Kidney bean poisoning

Kidney bean poisoning | fchem101.com

You hear about poisonous mushrooms and berries and all that jazz, but kidney beans? Yes, as it turns out. Raw kidney beans contain very high levels of phytohaemagglutinin, a protein that wreaks havoc on cell walls and cell metabolism.

But wait! Proteins don’t do well at high temperatures, so boiling the beans for 10 minutes will break down the harmful molecule and leave you with perfectly safe beans. This means that canned beans are fine, as are dry beans that you simmer on the stovetop. In a slow cooker, though, the beans never hit boiling (they hover around 180 degrees F, water boils at 212 degrees F), the protein stays intact, and it can lead to some really unpleasant consequences.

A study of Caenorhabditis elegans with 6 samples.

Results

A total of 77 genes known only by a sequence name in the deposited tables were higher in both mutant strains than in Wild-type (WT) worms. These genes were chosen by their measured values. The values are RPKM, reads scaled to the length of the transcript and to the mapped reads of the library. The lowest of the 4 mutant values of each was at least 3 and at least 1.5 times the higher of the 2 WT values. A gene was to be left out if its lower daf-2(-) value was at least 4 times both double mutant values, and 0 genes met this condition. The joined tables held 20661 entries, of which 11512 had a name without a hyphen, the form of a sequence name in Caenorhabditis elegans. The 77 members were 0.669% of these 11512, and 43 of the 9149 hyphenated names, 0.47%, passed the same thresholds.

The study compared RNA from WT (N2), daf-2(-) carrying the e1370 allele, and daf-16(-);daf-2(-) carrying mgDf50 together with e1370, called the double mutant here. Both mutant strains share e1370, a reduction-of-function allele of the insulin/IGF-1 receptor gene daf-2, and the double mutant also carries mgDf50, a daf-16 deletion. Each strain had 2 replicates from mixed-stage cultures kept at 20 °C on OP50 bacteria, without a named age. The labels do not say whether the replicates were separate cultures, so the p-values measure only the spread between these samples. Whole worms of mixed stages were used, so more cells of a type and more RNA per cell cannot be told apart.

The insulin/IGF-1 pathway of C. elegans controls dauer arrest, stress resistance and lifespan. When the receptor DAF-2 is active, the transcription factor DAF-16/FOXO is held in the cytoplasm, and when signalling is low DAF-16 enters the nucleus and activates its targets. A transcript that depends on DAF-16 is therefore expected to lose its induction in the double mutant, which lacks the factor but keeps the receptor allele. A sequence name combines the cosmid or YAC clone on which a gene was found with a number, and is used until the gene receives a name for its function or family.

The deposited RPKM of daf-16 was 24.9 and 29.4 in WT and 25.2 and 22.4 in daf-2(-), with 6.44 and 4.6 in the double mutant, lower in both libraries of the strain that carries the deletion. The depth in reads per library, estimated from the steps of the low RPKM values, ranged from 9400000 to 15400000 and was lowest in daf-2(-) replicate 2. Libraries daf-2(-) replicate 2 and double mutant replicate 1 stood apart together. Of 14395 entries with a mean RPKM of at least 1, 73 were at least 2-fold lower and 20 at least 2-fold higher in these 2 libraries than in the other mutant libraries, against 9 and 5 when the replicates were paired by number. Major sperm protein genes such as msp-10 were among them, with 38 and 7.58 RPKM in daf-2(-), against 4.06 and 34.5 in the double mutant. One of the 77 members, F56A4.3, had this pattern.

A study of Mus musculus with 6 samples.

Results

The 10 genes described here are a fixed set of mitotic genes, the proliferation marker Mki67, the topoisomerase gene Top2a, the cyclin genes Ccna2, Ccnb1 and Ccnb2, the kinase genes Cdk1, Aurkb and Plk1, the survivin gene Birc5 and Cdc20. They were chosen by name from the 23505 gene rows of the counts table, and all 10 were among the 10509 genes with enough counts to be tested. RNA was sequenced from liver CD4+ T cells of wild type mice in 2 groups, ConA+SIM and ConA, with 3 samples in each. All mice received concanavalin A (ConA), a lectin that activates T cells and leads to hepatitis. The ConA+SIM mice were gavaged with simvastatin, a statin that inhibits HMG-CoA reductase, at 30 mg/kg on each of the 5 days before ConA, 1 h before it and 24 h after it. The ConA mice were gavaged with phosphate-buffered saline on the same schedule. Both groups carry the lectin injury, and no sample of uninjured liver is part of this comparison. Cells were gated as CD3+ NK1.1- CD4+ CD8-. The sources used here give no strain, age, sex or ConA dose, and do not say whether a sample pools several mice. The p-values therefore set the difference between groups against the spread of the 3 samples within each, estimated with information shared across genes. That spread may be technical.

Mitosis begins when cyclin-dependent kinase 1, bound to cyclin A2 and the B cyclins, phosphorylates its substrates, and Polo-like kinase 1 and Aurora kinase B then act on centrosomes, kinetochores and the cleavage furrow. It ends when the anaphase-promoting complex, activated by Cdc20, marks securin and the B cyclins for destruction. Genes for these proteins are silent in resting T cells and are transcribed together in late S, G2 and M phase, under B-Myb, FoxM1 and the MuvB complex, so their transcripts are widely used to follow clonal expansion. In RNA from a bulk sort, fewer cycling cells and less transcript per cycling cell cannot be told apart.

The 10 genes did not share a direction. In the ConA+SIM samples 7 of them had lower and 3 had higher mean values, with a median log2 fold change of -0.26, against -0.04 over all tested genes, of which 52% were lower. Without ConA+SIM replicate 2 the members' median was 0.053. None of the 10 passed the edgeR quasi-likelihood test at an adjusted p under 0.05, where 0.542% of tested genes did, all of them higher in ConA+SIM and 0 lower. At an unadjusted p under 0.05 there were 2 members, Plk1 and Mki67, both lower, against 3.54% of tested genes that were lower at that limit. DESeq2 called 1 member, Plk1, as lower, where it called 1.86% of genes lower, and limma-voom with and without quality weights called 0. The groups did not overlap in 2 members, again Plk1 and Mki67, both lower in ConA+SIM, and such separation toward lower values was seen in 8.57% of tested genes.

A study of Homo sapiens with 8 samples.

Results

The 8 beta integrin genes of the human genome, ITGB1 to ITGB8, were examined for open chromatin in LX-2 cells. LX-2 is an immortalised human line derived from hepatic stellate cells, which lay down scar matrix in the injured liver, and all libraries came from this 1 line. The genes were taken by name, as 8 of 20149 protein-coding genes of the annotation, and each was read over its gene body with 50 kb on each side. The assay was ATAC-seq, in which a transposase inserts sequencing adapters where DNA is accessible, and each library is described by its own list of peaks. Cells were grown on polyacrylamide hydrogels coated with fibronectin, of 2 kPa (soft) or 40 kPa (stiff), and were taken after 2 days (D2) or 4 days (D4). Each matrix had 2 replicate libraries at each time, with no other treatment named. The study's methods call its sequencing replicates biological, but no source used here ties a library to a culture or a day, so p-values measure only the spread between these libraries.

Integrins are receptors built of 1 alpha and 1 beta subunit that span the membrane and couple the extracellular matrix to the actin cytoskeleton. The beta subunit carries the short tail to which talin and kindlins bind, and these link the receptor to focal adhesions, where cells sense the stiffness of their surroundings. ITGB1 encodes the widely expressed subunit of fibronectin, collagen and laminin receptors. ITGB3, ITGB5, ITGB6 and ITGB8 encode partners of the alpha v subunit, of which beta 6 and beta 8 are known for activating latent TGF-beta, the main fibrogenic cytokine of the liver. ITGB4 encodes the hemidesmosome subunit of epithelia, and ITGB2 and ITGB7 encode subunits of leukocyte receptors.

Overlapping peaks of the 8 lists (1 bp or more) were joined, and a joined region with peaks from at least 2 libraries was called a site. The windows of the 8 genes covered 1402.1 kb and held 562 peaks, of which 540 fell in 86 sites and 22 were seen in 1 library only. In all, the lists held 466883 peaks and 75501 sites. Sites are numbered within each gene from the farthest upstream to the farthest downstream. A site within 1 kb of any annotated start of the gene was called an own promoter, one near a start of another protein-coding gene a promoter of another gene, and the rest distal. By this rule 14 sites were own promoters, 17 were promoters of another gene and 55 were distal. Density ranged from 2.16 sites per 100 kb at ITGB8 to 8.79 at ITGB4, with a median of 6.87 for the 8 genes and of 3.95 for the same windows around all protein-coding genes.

Kidney bean poisoning | fchem101.com

The protein itself! This shows us the general shape of the protein, and the thick lines indicate some of the internal structure. Image from the RCSB Protein Data Bank.

The sickness comes quickly, bringing severe nausea, vomiting, diarrhea, and stomach pain within a few hours of eating the undercooked beans. Some people wind up in the hospital for fluids, but the symptoms go away on their own after about 4 hours. A really, really bad 4 hours, yes, but it’s not going to do any permanent damage (other than to your opinion of kidney beans).

So let’s be sure to give those beans a good boil before throwing them in the slow cooker. And if you need an excuse to do just that, check out the recipe that brought all of this to my attention–delicious and easy slow cooker dal makhani.

For more on kidney bean toxin, check out the FDA’s synopsis and an article from Livestrong.